The Safety of Our Children

 

I saw a cartoon on Facebook of a boy standing in a doorway wearing a backpack. His mother was standing behind him. She said, “Watch where you are walking, look before you cross the street, don’t talk to strangers, pay attention and follow directions.” He looked around and said to her, “Mom, relax. I am just going to school.”

We are increasingly aware of the potential for danger in schools. For the most part, we are, to a lesser degree, aware of impending danger everywhere. I am hearing from clients, friends and people in the many groups I belong to about fears surrounding their children. The questions most commonly asked are, “What can I do?” and, “What can I say to my children?”

Let me address the second question first. There is often an inclination to say nothing. The fear is that we will scare our children and they may become resistant to attending school. I can certainly understand that feeling. Teaching children about possible danger without overwhelming them takes work. 

It is wise to begin by finding out what school officials are saying to the students. Many have exercises teaching the children to duck or run. It is not just discussed, it is practiced. Check to see if your child’s school is doing this, if the teachers have a routine to follow and what they are saying to the children.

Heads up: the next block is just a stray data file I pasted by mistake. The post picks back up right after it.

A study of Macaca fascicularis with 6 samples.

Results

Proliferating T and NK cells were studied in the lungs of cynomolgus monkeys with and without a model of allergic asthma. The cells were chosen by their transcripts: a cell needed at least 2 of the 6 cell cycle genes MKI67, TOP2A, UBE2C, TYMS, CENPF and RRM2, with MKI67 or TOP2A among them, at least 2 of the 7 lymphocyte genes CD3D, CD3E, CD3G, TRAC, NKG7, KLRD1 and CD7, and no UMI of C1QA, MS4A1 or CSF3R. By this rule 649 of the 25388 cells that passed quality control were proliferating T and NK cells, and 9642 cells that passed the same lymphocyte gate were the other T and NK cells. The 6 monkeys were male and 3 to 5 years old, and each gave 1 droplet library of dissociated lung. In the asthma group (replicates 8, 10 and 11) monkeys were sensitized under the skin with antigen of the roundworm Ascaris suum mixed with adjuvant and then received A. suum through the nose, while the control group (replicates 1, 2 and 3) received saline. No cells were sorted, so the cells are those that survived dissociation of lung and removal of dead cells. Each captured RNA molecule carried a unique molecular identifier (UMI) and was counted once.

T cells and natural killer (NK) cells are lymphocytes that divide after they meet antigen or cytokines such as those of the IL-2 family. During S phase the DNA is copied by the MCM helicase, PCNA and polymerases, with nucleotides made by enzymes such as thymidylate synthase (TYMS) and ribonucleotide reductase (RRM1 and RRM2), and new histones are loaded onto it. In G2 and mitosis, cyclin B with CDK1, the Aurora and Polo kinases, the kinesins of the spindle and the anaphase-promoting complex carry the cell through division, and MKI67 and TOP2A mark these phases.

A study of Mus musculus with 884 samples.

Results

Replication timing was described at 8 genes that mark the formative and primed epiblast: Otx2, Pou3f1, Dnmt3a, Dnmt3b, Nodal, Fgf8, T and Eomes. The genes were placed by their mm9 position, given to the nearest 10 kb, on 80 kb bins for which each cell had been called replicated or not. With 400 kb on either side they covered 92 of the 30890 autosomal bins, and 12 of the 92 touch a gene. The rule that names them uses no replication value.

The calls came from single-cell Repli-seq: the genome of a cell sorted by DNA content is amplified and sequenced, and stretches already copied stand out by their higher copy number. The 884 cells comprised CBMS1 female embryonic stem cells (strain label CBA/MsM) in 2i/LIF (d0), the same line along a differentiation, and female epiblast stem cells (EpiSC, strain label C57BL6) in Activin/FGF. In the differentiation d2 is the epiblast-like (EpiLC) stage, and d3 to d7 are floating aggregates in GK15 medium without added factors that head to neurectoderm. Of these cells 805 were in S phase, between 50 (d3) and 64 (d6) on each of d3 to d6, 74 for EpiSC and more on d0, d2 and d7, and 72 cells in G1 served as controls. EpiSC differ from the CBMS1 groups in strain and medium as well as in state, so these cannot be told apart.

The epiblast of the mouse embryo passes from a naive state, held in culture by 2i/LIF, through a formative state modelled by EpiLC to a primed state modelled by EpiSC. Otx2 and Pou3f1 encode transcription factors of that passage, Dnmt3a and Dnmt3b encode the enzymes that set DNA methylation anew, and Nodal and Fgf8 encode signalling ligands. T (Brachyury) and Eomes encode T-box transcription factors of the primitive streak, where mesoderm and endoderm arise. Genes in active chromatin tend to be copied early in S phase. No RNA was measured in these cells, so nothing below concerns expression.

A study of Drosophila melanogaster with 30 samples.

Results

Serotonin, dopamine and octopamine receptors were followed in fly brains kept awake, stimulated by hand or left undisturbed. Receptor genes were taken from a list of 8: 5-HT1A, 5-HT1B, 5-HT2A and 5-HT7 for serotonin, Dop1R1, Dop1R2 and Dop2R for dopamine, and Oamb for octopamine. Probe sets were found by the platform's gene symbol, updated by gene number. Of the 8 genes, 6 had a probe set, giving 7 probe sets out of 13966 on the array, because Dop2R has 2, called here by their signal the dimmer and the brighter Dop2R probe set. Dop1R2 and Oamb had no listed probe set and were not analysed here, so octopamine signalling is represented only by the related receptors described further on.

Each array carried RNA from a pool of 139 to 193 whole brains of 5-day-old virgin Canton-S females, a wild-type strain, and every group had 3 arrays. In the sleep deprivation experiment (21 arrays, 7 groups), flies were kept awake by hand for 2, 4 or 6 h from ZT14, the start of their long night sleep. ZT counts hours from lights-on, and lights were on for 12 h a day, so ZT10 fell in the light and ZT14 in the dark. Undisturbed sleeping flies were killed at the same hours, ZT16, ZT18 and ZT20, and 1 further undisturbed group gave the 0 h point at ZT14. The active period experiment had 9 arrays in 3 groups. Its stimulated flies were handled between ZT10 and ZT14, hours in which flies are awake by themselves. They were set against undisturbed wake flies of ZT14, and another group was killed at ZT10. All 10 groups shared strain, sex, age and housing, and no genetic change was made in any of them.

Reflect on what your child knows. Are they aware of the news? Are there discussions in the family? Are older children talking about it? What have they heard from friends? Often, we do not learn how much information our children have. It is preferential that they hear it from home, from people they trust and know how to talk to them, rather than to hear it from peers who have their own perspective. 

Begin a conversation by disclosing what happened in a school incident. Indicate that children were hurt, but most got out safely. Inform them that most adults in schools are trained to provide safety to the students and that it is wise to follow their directions. 

Tell them that it is very unlikely that this will happen in their school. End by reiterating the value of going to school. Talk about the value of learning and of being with other children. Talk about the positives that they experience at school. Ask for questions. 

It is always wise to begin with the “negative” and end with the “positive.” We tend to linger on what we heard last. We are not interested on the primary focus being fear of school. 

What can we all do? Take the actions of inquiring about your school and open the lines of communication at home. If you have a political position, take action. As a parent, it is painful to have this fear and to feel helpless. Taking action reduces a sense of helplessness.

 

Dr. Natalie Gelman is an Alameda-based therapist. Submit questions to drnataliegelman@gmail.com or through her website, www.drnataliegelman.com.